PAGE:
Prior to the upcoming elections 2012-13, the political parties and government institutions must ensure valid registration of rural women as voters, while the overall women representation in Parliament must be ensured at a minimum of 33 percent and at the most 50 percent.

This was the crux of two-day annual conference on ‘International Day of Rural Women’ organised here by Potohar Organisation for Development Advocacy (PODA) along with 37 partner organisations. The conference emphasised the role of rural women in overall development of the country while encouraging them to stand for their rights. Speaking at the conference, Federal Minister for National Heritage and Integration Samina Khalid Ghurki said that, “Rural women are our pride and their contribution to rural life is of utmost importance, we need to give them land ownership rights, better access to health, education, livelihood, political representation and their new role in policy making”.

Federal Minister said that rural women were the custodian of our great cultural values, and their role in the rural life of Pakistan was highly appreciable. Nafisa Shah, MNA (PPP) said, “As Pakistan struggles to contain rising extremism, and uphold the rule of law, there is a crucial need to promote the engagement of women as moderating force within the country”.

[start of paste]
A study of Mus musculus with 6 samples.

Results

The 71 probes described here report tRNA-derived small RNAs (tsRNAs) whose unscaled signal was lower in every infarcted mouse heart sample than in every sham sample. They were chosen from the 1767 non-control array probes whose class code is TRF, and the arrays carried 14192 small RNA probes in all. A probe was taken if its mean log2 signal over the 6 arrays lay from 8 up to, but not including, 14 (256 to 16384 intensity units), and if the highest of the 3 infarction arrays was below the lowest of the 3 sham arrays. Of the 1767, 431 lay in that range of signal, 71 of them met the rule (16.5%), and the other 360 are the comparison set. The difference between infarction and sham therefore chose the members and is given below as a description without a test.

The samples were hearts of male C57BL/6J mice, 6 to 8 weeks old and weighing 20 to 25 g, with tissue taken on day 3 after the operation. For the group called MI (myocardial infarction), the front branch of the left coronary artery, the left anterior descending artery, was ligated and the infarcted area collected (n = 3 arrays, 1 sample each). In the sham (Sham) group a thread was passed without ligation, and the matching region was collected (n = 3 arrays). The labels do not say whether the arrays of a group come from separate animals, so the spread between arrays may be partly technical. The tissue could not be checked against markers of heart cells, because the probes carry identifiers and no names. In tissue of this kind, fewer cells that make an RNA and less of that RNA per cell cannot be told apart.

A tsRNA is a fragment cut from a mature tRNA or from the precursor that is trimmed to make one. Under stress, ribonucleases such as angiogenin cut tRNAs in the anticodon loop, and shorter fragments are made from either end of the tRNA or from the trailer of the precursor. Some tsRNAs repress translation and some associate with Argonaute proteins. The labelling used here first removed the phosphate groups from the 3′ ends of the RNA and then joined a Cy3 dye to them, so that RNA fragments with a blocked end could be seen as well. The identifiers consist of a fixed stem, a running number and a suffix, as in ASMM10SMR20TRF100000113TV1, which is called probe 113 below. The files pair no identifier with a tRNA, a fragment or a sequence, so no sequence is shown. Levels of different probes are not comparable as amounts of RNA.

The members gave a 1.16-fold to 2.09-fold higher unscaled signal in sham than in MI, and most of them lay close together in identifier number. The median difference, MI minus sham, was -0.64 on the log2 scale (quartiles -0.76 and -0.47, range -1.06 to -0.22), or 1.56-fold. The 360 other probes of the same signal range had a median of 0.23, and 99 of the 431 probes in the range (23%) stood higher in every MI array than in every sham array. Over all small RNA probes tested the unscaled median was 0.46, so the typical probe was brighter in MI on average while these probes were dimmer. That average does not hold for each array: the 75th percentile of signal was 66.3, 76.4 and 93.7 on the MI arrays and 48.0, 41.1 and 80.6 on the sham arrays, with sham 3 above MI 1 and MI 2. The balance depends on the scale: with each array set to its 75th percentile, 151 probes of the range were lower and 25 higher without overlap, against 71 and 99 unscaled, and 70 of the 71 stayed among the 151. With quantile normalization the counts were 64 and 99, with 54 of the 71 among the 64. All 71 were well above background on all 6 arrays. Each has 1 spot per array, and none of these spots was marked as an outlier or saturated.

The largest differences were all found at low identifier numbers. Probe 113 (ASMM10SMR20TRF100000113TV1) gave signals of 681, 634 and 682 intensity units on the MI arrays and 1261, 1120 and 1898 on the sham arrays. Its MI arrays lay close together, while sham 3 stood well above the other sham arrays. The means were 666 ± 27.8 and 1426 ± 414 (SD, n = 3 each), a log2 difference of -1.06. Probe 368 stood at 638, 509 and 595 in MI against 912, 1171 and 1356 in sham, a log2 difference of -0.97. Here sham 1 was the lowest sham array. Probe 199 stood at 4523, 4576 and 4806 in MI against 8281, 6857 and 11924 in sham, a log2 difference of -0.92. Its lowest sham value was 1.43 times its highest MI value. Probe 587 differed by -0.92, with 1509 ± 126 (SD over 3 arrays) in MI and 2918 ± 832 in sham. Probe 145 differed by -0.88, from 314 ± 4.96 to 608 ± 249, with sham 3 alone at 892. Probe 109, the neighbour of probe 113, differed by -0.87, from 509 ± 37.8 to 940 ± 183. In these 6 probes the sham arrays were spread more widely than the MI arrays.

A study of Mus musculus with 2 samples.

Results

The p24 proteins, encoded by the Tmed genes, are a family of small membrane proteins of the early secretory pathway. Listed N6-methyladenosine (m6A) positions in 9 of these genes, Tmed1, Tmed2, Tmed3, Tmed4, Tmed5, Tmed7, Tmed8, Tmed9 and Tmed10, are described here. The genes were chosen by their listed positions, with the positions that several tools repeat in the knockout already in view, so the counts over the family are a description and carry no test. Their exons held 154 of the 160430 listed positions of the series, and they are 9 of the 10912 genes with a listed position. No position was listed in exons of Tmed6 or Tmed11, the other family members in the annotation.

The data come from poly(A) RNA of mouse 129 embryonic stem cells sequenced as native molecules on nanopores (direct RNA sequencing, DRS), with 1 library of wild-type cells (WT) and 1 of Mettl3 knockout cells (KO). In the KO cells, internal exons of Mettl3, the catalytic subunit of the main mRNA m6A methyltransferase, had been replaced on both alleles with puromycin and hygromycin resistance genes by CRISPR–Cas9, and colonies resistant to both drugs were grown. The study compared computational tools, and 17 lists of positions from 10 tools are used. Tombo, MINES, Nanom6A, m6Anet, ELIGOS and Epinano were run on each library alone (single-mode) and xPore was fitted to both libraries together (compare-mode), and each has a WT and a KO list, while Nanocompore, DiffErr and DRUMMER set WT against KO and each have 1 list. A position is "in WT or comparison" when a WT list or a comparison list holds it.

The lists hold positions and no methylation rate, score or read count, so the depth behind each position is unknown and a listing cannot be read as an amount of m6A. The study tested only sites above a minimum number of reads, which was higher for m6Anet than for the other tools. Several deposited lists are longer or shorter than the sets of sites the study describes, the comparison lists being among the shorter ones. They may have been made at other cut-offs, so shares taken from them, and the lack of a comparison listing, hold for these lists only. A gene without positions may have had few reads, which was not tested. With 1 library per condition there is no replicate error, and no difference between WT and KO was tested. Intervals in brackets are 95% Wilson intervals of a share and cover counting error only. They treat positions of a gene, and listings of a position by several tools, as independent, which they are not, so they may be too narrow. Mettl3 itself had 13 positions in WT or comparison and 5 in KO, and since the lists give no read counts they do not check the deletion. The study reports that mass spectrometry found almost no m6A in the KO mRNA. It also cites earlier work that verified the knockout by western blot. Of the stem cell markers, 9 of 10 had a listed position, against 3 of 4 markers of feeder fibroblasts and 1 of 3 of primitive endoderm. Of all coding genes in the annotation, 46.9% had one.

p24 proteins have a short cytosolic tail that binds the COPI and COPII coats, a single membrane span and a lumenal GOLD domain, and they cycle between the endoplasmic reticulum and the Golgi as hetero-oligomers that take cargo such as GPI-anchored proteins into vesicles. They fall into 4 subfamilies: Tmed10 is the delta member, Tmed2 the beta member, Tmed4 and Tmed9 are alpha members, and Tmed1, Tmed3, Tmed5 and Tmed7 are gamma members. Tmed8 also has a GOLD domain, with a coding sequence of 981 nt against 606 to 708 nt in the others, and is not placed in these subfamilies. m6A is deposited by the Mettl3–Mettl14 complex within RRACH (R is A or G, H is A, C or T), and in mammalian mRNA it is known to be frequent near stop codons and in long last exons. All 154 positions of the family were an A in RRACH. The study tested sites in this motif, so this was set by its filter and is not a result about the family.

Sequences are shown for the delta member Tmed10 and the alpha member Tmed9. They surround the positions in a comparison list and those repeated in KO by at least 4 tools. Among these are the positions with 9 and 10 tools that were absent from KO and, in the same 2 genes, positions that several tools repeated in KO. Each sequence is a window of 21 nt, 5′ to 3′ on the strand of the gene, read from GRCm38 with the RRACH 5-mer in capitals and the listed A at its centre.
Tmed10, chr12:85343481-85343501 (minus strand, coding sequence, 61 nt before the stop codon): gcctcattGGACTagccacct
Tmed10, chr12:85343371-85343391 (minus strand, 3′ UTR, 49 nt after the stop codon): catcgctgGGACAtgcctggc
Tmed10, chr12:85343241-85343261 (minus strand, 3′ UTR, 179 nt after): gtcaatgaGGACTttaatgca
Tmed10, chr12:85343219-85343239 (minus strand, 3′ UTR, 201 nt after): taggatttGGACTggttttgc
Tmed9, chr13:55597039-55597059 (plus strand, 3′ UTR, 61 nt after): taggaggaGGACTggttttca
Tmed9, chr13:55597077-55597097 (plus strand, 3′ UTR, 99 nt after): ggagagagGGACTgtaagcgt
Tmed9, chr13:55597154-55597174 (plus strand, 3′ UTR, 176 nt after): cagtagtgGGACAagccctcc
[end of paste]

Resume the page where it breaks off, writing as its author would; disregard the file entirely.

Women offer fresh perspectives for conflict prevention and resolution. They are critical resources for building peace and rebuilding communities. The gender equality does not imply that women and men are the same, but that they have equal value and should be accorded equal treatment, Nafisa added.

“Rural women of Pakistan have been struggling continuously for long to share the responsibilities of their husbands. The present government has fulfilled its commitment with the women of Pakistan as the Sexual Harassment Bill and Anti-Acid Throwing Bill have been passed by the Parliament”, Nafisa said.

While expressing their personal views, some rural women stressed that the women of Pakistan should have equal rights of land inheritance. Ending violence against women is an attitude that has to be taken back to homes, communities, workplaces and society at large.

Najma, who belong to a village of Sindh, complained that despite being the major food producers, women in Pakistan remain dependent on their male relatives for access to land. Women, who supply a significant part of agriculture labour, are systematically denied the right to own or inherit land. Sughra Khanam, who belong to a village of Punjab said that along with provision of cash grant eg Rs 1000 per month through Benazir Income Support Programme (BISP), the government should start other schemes to provide employment to the poor women to make them financial independent.